International Convention of Society of Wood Science and Technology
Mass timber is a category of framing components that can be built with a variety of materials. Engineered wood products have become the backbone of the mass timber movement. Some of the most common mass timber structural elements used in buildings are glue-laminated beams (glulam), laminated veneer lumber (LVL) and cross laminated timber (CLT). However, wood is a natural material which is susceptible to decay and termite attack...
American Wood Protection Association Annual Meeting
Cross laminated timber (CLT) is a relatively recent addition to the North American timber construction market. CLT has been successfully used for construction in Europe and, in the past few years, manufacturers have looked forward to expanding the use of this product into the North American market. However, no termite susceptibility experiments have been published for the product and no standards exist for testing of the CLT and other mass timber products against termites. It is extremely important to evaluate the resistance to degradation of CLT, especially if the manufacturers are trying to implement this product in areas where the occurrence of termite infestation is high...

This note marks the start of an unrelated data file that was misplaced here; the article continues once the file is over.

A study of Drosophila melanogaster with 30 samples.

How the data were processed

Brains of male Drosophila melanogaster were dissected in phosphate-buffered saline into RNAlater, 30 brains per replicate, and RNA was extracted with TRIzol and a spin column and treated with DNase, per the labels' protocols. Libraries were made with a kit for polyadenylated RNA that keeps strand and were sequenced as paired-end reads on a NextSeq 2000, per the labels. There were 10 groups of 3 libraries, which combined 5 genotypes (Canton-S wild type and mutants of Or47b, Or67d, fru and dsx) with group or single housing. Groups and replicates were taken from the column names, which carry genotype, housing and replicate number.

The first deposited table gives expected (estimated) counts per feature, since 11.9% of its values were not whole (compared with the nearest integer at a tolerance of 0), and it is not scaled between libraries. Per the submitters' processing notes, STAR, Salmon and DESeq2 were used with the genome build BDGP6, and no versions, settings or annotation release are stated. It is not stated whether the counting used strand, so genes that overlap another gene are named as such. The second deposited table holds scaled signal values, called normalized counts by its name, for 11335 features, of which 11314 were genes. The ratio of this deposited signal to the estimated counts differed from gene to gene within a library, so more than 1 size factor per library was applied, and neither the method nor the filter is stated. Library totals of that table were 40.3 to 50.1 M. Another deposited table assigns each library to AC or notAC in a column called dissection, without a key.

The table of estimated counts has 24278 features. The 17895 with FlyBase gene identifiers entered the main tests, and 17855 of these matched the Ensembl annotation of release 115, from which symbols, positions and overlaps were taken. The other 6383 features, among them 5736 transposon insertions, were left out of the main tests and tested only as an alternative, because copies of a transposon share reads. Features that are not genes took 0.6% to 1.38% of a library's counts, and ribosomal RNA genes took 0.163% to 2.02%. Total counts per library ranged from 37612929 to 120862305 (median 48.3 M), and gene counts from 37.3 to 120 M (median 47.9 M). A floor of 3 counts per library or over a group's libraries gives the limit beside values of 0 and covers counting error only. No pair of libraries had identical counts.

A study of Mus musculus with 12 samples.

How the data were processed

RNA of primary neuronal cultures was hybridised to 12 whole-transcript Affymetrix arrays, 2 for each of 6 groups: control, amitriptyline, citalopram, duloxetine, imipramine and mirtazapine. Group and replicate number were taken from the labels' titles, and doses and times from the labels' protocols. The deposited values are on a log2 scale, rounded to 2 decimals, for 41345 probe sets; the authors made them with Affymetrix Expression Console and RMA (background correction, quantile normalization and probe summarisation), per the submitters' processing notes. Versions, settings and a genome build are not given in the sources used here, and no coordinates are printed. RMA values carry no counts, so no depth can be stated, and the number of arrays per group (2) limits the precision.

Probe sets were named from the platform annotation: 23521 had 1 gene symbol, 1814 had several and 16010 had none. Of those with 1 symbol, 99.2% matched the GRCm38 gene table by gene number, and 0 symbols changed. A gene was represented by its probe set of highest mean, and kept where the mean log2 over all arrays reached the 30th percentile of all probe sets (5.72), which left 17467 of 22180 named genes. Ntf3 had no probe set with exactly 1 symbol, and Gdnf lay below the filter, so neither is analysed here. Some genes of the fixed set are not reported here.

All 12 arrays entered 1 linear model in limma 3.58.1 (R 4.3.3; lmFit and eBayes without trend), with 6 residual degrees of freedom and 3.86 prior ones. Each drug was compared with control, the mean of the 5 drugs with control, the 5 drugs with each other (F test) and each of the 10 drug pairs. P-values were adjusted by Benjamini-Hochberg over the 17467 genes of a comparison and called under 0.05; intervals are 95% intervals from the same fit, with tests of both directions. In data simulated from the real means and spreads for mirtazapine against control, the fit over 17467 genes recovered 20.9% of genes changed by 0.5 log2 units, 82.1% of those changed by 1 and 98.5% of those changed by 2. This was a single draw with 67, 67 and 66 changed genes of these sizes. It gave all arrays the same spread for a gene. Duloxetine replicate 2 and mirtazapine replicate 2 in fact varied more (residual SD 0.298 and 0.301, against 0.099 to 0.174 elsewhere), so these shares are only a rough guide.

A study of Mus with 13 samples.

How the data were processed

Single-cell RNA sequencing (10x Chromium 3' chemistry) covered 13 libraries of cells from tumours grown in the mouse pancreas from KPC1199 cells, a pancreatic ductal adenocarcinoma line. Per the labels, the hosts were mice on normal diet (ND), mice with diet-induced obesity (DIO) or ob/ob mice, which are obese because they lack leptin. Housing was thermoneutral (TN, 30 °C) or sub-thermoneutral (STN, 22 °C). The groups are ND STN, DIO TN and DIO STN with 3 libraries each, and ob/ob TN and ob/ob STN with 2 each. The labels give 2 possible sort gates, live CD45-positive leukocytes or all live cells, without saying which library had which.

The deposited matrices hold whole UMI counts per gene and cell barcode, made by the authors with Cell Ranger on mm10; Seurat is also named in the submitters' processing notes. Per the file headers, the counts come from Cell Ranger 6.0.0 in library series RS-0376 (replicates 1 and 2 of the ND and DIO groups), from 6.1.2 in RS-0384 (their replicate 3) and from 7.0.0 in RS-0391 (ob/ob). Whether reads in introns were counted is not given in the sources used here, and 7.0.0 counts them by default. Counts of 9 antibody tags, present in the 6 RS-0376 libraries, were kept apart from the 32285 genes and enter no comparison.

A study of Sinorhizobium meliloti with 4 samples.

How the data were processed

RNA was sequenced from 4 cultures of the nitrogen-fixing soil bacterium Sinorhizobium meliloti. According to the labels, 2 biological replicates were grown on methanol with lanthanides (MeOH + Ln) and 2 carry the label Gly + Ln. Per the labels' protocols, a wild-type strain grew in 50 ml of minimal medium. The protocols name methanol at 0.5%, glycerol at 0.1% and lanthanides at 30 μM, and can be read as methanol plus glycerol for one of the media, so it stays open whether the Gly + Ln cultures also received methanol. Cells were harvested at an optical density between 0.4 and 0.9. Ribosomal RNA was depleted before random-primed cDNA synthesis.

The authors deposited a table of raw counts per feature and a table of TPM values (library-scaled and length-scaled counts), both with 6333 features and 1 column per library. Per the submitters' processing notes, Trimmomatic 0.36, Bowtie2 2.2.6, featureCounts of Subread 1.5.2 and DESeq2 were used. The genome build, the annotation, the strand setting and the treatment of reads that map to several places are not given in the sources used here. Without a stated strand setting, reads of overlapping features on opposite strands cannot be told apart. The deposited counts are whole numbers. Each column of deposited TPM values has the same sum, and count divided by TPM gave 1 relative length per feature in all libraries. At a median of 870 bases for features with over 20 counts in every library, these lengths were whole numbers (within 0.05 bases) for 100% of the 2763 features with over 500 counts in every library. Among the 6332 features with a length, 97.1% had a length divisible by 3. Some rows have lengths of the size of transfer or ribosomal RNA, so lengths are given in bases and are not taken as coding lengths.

The development of composite mass timber products in the late 20th century continues to generate new developments in the design and production of multi-layer wood products in a wide variety of orientations and for a wide variety of uses. In the US Congress’ Agricultural Act of 2014, provisions were specified in Section 7310 to establish a series of priorities for research into the needs of the forestry sector. Specifically, collaborative research efforts into the increased use of CLT in support of the expansion of this portion of the forest products industry were addressed. Cross laminated timber products have been included in updates to national and international building codes, and new production facilities continue to come online. WoodWorks (2019) reports that 105 CLT based construction projects are in construction or completed, and 200 are in the design process. These projects are scattered across the United States, including in the highest areas of decay potential (Figure 1). Mississippi State University Department of Sustainable Bioproducts has several ongoing projects to investigate the durability of CLT under various conditions. These are partnerships with other investigators, primarily with USDA Forest Products Lab personnel, and are housed at both MSU Department of Sustainable Bioproducts facilities in Starkville, MS as well as Forest Products Lab locations in Madison, WI, McNeill, MS, and Saucier, MS. CLT is being tested in several different formats and in test pieces of different sizes. In an ideal situation, CLT panels would be tested at their full size, however, the time it would take to do so, and the logistics of handling pieces of typical size is prohibitive for rapid assessment of the product. Assessments of CLT to date have focused on examining the durability of CLT when exposed to hazards that occur in the high hazard zones of deterioration, such as fungi, termites, and natural weathering. This report describes the collaborative testing of CLT against termite infestation and damage.